Shading in practice

Shading is a painting method which allows for smooth and practically unnoticeable passage from the old surface to the new, freshly-painted surface. Shading is extremely important when reconstructing painted surfaces, since absolute 100% color matching and painting “up to the edge” is nearly impossible. 

Painting techniques have a significant impact on the final paint color obtained. Even when using identical paint mixtures, two different paint technicians will create different shades (Fig. A – painted element, Figs. B and C – neighboring element, Fig. B – shaded surface).


When should shading be used?

To put it simply, shading should be used to avoid visible differences between repaired elements of the car body and the remaining elements which are not to be painted.  

Shading is essential, as factories use different paint suppliers, and the paint rooms of these very same manufacturers are often located in different countries.

Current methods of factory painting may cause differences in color throughout the car body, as can be demonstrated with a spectrophotometer. Analysis with this device will show differences in color for different parts of the body. 

How to begin?

First of all, the preparation of the surface plays a key role. Surfaces should be cleaned with a silicone remover, and next matted with a grey abrasive pad, preferably with the addition of matting agent paste.

When the surface is prepared and the remaining elements have been masked off, painting work can begin. The choice of equipment is very important – the best results are achieved with HLVP guns fitted with a manometer which allows control of spray pressure. Of course, the equipment must be in good working order, with the correct settings for the shape of the sprayed paint stream.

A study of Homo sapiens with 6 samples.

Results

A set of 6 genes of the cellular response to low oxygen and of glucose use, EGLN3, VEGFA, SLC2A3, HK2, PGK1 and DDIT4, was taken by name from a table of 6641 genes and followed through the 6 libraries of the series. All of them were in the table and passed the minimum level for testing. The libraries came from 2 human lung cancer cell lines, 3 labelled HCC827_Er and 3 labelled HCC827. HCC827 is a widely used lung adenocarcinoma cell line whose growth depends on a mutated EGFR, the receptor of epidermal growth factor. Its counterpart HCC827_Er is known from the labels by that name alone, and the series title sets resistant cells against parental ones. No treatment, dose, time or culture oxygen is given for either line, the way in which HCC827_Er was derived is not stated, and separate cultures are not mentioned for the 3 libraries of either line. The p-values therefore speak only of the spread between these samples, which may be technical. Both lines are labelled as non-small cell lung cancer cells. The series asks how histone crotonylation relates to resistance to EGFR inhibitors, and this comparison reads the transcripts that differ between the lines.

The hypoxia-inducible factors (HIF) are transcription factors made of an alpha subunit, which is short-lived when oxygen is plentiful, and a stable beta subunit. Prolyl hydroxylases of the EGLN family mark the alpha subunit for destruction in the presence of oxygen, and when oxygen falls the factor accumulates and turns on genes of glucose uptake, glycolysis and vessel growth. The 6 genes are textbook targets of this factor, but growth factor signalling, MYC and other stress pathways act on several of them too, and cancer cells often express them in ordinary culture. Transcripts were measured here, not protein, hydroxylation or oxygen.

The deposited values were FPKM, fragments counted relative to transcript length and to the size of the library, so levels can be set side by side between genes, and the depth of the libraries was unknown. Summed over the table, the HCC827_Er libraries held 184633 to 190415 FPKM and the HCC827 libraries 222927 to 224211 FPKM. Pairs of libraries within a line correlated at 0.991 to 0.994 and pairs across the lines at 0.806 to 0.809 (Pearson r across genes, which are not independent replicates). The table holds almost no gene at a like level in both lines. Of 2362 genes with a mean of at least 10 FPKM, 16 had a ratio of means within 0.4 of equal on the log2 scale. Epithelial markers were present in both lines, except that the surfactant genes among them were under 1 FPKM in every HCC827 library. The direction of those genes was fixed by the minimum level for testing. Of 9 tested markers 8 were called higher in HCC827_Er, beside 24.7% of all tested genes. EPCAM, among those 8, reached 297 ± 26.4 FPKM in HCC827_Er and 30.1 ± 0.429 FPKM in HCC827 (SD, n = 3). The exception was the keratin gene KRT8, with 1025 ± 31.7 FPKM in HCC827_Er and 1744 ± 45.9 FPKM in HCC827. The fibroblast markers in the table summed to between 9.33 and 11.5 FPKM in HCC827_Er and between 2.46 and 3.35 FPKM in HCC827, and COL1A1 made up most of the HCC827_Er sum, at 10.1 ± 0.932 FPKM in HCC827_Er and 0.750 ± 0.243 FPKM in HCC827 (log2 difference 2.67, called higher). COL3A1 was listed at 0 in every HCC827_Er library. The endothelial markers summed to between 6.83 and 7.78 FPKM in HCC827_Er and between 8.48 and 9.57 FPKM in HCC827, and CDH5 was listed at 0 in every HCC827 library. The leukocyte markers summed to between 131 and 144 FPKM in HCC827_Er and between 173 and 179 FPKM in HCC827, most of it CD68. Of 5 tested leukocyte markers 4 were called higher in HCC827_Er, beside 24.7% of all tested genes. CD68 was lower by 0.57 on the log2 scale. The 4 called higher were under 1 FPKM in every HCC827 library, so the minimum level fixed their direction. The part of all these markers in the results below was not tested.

The next step in the preparation of the surface to be shaded is to apply a resin coat (e.g. Profix CP 998), thanks to which the particles of paint, particularly in the case of metallic paints, will blend smoothly in the painted surface so that the passage from painted to unpainted sections will not be noticeable.

What needs particular attention?

The resin which is sprayed on the surface may not be allowed to dry out, which means that painting work must be done without breaks. Time is the enemy of perfect shading.  

Remember to reduce spray pressure gradually – too sudden reduction of pressure may result in the metallic particles “standing up”, which will negatively influence the final appearance of the paint work.

When paint work is being done of large surfaces, we must remember to remove the paint dust with the aid of an anti-static cloth.


What mistakes most often occur in shading work?

  • A common mistake is the use of excessively high pressure, resulting in the metallic particles „standing up”, unnecessarily highlighting the crossover area from painted to unpainted surface.  
  • Shading may be visible if resin is not applied. This is especially true in the case of light colors, such as silver or gold.  
  • A serious mistake is skipping the thinner test before beginning the painting process. The shaded surface must always be tested to ensure that it is stable and fully hardened.  

When fading into the painted surface, avoid painting „up to the line” so that the borders of the newly painted surface are not restricted to one small area, but rather blended out using the natural shapes and edges of the body.